Scratch is Empowering!
Scratch opens up a world of possibilities in your classroom. By combining art, sound and animation with coding logic; Scratch is a complete creative environment. Your students can imagine, design, build and share entire interactive experiences all within Scratch. Think of Scratch as a tool that can be applied across many different disciplines--it's not just for teaching coding. It's a blank canvas!
You already know why you should use Scratch in your classroom, but how do you get started?
When introducing Scratch in your classroom, think beyond the blocks. The coding blocks in Scratch are just a means to an end. Emphasize the creative process by slowly introducing the Scratch environment, then let your students' imaginations guide the process. You'll be amazed at how well they discover solutions with a goal in mind.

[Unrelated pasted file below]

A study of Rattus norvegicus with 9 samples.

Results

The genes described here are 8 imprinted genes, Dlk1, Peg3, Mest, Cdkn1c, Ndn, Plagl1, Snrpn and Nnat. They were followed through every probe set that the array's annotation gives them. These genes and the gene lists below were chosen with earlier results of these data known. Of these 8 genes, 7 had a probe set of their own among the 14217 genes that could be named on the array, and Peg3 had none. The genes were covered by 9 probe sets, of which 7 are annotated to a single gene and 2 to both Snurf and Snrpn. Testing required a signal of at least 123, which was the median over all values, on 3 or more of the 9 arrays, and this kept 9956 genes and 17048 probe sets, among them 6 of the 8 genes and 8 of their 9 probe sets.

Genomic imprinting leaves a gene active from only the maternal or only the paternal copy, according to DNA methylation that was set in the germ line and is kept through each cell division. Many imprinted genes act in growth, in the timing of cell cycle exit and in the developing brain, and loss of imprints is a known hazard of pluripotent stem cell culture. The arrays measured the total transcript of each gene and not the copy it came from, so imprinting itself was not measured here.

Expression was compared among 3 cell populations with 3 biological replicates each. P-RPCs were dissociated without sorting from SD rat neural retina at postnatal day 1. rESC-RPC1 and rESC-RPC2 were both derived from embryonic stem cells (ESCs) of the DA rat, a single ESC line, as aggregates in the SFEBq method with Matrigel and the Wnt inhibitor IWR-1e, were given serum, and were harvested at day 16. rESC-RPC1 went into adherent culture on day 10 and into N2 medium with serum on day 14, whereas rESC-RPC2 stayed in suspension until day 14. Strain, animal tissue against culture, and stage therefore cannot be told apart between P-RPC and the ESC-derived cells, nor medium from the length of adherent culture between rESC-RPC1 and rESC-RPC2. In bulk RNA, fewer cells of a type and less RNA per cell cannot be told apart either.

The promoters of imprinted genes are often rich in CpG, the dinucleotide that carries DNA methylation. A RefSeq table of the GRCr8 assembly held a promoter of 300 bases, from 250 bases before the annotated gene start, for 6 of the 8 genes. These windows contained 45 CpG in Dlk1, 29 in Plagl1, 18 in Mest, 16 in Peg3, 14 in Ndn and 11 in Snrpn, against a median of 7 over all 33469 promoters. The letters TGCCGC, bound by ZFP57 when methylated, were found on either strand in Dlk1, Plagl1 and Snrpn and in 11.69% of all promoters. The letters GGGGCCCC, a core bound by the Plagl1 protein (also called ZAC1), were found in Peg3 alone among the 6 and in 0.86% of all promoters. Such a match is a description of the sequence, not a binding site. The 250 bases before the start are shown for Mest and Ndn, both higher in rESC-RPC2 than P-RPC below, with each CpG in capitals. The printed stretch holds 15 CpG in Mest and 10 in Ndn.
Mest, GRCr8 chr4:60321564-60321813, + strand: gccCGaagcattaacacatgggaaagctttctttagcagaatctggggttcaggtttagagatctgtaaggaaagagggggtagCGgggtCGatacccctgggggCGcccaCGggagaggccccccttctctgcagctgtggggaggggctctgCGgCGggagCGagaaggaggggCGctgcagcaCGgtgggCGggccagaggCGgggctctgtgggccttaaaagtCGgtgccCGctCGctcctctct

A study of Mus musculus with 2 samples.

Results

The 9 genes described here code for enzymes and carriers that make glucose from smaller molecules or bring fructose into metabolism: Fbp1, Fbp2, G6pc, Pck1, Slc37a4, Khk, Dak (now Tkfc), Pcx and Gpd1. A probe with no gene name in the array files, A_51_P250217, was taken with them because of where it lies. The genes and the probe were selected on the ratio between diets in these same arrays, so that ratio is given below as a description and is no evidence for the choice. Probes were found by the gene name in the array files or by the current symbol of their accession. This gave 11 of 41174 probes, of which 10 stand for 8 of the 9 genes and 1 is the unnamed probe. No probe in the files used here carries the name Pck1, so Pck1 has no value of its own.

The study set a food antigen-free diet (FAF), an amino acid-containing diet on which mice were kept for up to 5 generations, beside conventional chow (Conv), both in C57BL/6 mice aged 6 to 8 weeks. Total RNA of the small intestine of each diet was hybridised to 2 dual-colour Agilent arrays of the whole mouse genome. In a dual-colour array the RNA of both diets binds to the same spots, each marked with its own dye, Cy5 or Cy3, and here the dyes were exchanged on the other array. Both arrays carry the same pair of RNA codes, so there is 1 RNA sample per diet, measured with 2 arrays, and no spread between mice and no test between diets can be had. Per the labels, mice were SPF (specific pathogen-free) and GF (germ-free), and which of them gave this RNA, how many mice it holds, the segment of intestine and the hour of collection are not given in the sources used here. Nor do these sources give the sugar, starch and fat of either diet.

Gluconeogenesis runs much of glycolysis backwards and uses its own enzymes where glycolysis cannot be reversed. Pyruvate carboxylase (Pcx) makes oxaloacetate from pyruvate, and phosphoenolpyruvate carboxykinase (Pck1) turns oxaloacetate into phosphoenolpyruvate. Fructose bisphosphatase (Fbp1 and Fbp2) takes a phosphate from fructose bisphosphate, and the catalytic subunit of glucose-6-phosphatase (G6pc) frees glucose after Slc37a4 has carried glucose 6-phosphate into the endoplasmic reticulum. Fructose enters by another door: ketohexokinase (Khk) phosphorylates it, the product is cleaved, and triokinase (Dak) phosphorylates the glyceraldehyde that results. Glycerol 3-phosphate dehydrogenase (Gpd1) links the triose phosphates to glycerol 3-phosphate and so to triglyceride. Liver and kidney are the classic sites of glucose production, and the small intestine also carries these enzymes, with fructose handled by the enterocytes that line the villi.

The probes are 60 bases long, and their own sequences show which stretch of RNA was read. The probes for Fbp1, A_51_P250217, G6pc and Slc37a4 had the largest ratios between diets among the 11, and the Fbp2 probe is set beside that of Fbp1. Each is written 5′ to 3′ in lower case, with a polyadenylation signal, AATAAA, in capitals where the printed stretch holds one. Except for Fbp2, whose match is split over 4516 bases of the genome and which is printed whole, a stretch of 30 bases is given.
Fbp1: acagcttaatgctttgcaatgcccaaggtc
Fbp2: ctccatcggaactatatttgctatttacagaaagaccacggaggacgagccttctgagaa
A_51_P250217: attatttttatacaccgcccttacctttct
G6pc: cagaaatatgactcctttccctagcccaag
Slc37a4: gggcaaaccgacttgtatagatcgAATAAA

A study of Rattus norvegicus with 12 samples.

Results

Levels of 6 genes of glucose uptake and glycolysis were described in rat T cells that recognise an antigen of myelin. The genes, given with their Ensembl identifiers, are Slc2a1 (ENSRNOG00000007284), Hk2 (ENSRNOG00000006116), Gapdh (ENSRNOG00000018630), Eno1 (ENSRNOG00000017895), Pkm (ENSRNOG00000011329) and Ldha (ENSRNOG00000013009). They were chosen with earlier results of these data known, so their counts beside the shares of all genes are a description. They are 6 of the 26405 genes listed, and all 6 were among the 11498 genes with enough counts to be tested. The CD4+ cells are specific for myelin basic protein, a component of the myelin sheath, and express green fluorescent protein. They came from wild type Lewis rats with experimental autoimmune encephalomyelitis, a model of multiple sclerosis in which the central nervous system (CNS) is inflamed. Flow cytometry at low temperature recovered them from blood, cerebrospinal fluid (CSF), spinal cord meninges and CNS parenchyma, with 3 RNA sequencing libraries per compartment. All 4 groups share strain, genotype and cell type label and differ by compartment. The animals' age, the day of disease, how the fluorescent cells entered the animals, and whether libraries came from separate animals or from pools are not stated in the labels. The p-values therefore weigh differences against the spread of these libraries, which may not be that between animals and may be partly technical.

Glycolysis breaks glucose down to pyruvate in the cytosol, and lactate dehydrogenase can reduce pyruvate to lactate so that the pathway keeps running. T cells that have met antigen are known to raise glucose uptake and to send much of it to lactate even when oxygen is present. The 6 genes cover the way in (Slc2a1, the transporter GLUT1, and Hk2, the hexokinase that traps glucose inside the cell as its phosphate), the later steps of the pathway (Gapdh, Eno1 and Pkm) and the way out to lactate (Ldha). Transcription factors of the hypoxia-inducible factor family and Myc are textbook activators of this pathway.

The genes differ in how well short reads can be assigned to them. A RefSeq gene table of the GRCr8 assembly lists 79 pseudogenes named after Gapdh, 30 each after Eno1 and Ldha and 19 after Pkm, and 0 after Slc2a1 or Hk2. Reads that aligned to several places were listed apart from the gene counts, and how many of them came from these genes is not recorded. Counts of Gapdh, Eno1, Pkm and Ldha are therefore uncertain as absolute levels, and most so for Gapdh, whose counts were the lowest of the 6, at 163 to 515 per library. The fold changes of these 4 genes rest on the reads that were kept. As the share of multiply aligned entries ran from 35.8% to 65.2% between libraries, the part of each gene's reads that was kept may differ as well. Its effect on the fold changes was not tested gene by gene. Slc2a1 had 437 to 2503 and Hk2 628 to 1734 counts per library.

Are you a science teacher? Have your students research and build simulations. English teachers, have your students bring life to their writing with graphics, animations and sound. Math teachers, make math games to teach important concepts. There a few limits to what you can do.
How Do I Use This Site?
ScratchTutorials is a curated repository of tutorials for learning and using Scratch. Tutorials are grouped by topics ranging from the very basics of Scratch all the way through advanced concepts and projects. This site includes custom tutorials and links to many great tutorials from within the Scratch community and all over the web.
Still Need Help?
I encourage all teachers to visit ScratchEd, the online community for Scratch educators. It's been online since 2009 and is designed for educators to share resources and experiences with other educators using Scratch. I frequently reference resources from ScratchEd on this site.
What About Scratch Books?
Scratch is very popular and there are many good books written the cover Scratch. A quick search on Amazon will reveal quite a few. I also maintain a list of books about Scratch programming that I have read and recommend.
Who Are You?
My name is Richard and I'm a web developer and parent of three. I'm not a teacher by trade, but am a strong supporter of computational thinking and creative computing in the classroom and am always looking for ways to contribute.